Ecologically Sound (and Beautiful) Graffiti
Mostly older people practising their calligraphy writing poetry or proverbs or whatever. The script I did see was quite lovely by obviously accomplished calligraphy artists. The brush holding and calligraphy writing involves breathing techniques so they say it promotes health and longer life. One gentleman seems to have a good idea to control the sway of the brush by recycling a PET bottle! The cutest was a little girl seen showing off her skills too!
The aquarium @ Heilongjiang Provincial Museum
While the Heilongjiang Provincial Museum is managed badly, and is basically a disgrace,the aquarium in the basement is worth visiting and our kids enjoyed it.
The first part of the aquarium is laid out as a series of pools in a number of landscaped caverns. These first rooms show a lot of fishes native to Heilongjiang rivers. Their are descriptive panels in Chinese, but they also have Latin names as well, so if you know your fish you should be able to work out what is what.
Some of these river and lake fish grow to incredible sizes.
The tanks are large and look well maintained.
Later there is a big walk-through marine aquarium, with the obligatory sharks and rays, which are less common in Heilongjiang (given that it has no sealine).
The whole visit is only marginally spoilt by the display of performing seals in a tiny, tiny pool. People around the world have simply recognised that getting animals to perform is unnatural, cruel and a pretty pathetic reflection on those who arrange it. China just seems to be slow getting into synch as the rest of the world moves along the civilization curve, in this respect.
Unit 731 - Germ Testing Site
Ironically probably put harbin onto the world map for all the wrong reasons. This is where the japanese conducted germ and biological tesing on chinese citzens and western POW's after they occupied manchuria.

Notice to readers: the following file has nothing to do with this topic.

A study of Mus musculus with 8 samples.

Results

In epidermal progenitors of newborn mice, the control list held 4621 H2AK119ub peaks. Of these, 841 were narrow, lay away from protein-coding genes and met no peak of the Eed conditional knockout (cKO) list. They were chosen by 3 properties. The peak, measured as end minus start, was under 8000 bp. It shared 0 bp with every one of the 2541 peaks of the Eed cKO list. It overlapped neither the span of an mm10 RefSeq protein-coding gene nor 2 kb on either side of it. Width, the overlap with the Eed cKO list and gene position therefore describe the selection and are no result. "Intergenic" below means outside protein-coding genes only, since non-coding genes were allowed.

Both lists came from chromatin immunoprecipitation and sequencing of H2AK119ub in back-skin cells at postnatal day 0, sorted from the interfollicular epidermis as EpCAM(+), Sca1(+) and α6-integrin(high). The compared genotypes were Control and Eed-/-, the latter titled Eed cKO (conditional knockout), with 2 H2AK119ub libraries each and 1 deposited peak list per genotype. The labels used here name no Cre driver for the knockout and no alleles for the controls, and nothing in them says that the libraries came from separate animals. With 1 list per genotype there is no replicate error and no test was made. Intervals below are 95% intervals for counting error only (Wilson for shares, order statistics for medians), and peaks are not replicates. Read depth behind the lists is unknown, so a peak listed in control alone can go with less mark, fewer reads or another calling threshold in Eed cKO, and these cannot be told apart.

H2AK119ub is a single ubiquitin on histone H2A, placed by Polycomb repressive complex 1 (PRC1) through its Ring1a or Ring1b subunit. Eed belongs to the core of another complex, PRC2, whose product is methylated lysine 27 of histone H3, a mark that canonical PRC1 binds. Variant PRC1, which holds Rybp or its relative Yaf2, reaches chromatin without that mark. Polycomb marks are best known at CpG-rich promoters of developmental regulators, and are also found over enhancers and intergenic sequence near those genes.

Known as the asian auswitch
Ok probably not the cheeriest places to go to. But I thought it was important to remember these places esp as places like the lantern festival get the tourists.
Def not for kids as the chinese dont pull any punches. I knew off the place before and the discription given on site is historically accurate.
All that is left of the site (which was once many km's across) is the entrance building. Costs 40 reminbi p/p. Taxi to visit will cost about 25-30 reminbi.
The taxi driver who took me there was very surprised that i wanted to go and said it was a great mark of respect that someone not associated with China or Harbin from across the globe would go there and remember.
Go make a donation...its important that this site is not destroyed as the urban sprawl creeps closer and regonise that these horrible experiments took place (it was denied for many years)
Former Church of St Sophia - Part 1
Inaccurately referred to as a cathedral and technically even as a church, St Sophia's is Harbin's most famous building. It never was a cathedral and it has been deconsecrated for a long time; it is now merely a museum of Harbin's history with a few religious artefacts of dubious provenance at the back.
The church is in good condition externally, but the state of the inside walls higher up suggests that refurbishment funds go on the froth and the paint.
St Sophia's Church was built originally in 1907 as a wooden chapel for the Tsars 4th Siberian Infantry Division who were based in Harbin to protect the city and, more importantly the railway and associated mines and industry, from attacks by anyone. In 1912, a brick casing was built around the wooden chapel, and then in 1923 work started on a much larger building. It took nine years to complete, and was a fitting symbol of Tsarist Russia, which, of course, had long disappeared by then. The exiled Russian community devoted itself to investing in their Harbin safe haven, and there were many Eastern Orthodox churches built in Harbin. Only a few survive now, and only one (on Dongdazhie Jie) continues to function as a church.
St Sophia's is just a skeleton now, the skin taught on a hollow shell. The exhibition of old Harbin photographs inside (no English or foreign captions) is interesting, but it remains cold, proof that churches are not about buildings or architecture, but about people.
The apse has some really crude, gaudy paintings and frescos, and the shop sells tacky 'Christian souvenirs': about as tasteless as it gets, considering that many tens of thousands of Harbin Russian exiles eventually were transported back to torture and death in Siberian Gulags after the Soviet 'liberation' in 1945.
yuk13's new Harbin Page
Visiting this northern city was really an harsh but unforgettable experience for a boy living in sub-tropical region. Harbin being the capital of Hei Long Jiang Province is a city of heavy industry such as timber, steel and manufacturing.